Beef Bourguignon with amazingly tender melt in your mouth beef and hearty vegetables in a rich sauce. Julia Child made it famous. We made it easy.
I get it. When the weather’s yucky, like it still is, you want something warm and comforting to eat. Something you can put in a bowl and curl up on the couch with. A lot of times that’s a big steaming bowl of chili. But what if I told you that making beef bourguignon is just as easy to make? I think it’s even more comforting because it’s fortified with a big dose of red wine.
Seriously, beef bourguignon might be tough to spell, but it’s really easy to make. I get that the list of ingredients looks a little long, but you’ve probably got most of them already in your kitchen or pantry. There’s no complicated ingredients in this recipe, just like there’s not complicated directions to make this dish. In fact, the hardest part about making this beef bourguignon is peeling the boiling (or pearl) onions. And I’ll admit that they’re a real pain in the a** to peel. But totally worth the effort.
You’ll start by cutting up a piece of chuck roast. You want to use this cheaper cut of meat because it can really stand up to the long cooking that’s ahead for it. A chuck roast is perfect because it’s marbled with fat and connective tissue that turns nice and soft the longer you cook it. And you definitely want a nice soft piece of meat for this dish. You’ll start the meat cooking by browning it and getting a nice golden crust on the pieces. This gives the stew a lot of great flavor.
You may have seen beef bourguignon recipes that call for brandy. This one doesn’t use it. While it does add some flavor, it doesn’t really add all that much and you’ll find some recipes that list that as an optional ingredient anyway. So We’ll just leave it out of this one.
To get a bit of thickness to the juices, we use some flour. Not too much, just a little to thicken things up to a consistency that’s just a bit thicker than water. We don’t want the sauce to be like a gravy for this dish.
The wine. Oh…cooking with wine has come to cause people fits. I’m of the camp that says don’t cook with wine that you wouldn’t drink. But that doesn’t mean you need to spend $40 on a bottle that’s mostly going to go into the pot (although you’ll still have some left over for drinking with your meal). For beef bourguignon you want a dry red wine. Nothing sweet or you’ll end up with a weird tasting dish.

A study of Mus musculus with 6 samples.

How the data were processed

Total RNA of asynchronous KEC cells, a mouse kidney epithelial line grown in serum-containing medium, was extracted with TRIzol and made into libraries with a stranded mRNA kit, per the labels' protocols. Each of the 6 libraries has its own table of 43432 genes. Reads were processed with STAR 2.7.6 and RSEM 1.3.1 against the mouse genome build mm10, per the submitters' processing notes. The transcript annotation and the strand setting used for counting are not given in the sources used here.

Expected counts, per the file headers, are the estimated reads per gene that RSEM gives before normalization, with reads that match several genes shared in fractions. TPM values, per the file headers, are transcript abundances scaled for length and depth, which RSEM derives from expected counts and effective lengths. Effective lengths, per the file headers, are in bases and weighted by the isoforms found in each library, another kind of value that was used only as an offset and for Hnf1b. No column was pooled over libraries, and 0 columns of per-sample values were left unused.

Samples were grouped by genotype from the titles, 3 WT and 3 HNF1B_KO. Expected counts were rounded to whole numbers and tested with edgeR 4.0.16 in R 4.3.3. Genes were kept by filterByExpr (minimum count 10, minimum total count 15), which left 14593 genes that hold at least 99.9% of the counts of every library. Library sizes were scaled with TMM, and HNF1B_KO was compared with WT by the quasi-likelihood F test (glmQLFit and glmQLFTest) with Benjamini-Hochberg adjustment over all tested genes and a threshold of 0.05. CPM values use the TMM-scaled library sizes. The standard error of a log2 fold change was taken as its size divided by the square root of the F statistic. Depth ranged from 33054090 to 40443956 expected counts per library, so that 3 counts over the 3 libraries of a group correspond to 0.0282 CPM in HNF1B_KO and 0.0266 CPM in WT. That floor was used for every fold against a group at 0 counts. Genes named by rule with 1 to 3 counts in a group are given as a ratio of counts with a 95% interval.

You can serve this several different ways. I chose to serve it over egg noodles, but you could serve it with potatoes, polenta or other noodles. Or maybe just a nice loaf of crusty bread to soak up all those yummy juices.
So put away your fear of cooking French food and bust your big Dutch oven out to make a hearty batch of this beef bourguignon. It’s definitely what you’re looking for on these cold and gloomy days.
- 2 tablespoons vegetable oil
- 4 ounces bacon (4 slices), cut into ¼"x1" pieces
- 2-3 pounds boneless chuck roast, trimmed of fat and cut into 1" cubes
- kosher salt
- freshly ground black pepper
- 1 carrot, peeled and cut into ¼" thick rounds
- 1 large yellow onion, diced
- 2 tablespoons all purpose flour
- 2 cups dry red wine
- 2 cups beef stock
- ⅓ cup sherry vinegar
- 1 tablespoon tomato paste
- 2 large cloves garlic, finely minced
- 3 sprigs of fresh thyme
- 2 bay leaves
- 10-15 pearl, or boiling, onions
- 8 ounces cremini mushrooms, cut into quarters
- chopped flat leaf parsley
- Preheat oven to 325 degrees Fahrenheit.
- Into a large Dutch oven add the oil and heat over medium heat.
- Once oil is hot add the bacon and cook until lightly browned, about 5 minutes. Remove the bacon, with a slotted spoon, to a large bowl and set aside.
- Add the beef to the Dutch oven (you may need to do this in batches so that you don't overcrowd the pan and end up steaming the meat instead of browning it). Sear the beef on all sides and remove, with a slotted spoon, to the same bowl as the bacon. Add salt and pepper as you cook the beef.
- Add the carrot and onion to the pot and cook until the onion is lightly browned (about 8 minutes). Add salt and pepper as you cook the vegetables.
- Return the beef and the bacon to the pot.
- Sprinkle the flour over the beef in the pot and toss to coat the beef with the flour.
- Slowly pour in the wine, stock and vinegar. Stir in the tomato paste, garlic, thyme sprigs and bay leaves.
- Bring to a simmer then add the mushrooms and pearl onions.
- Cover the pot and transfer it to the oven and cook for 1½ hours.
- Remove from heat and fish out the thyme sprigs and bay leaves.
- Serve over noodles, potatoes or polenta.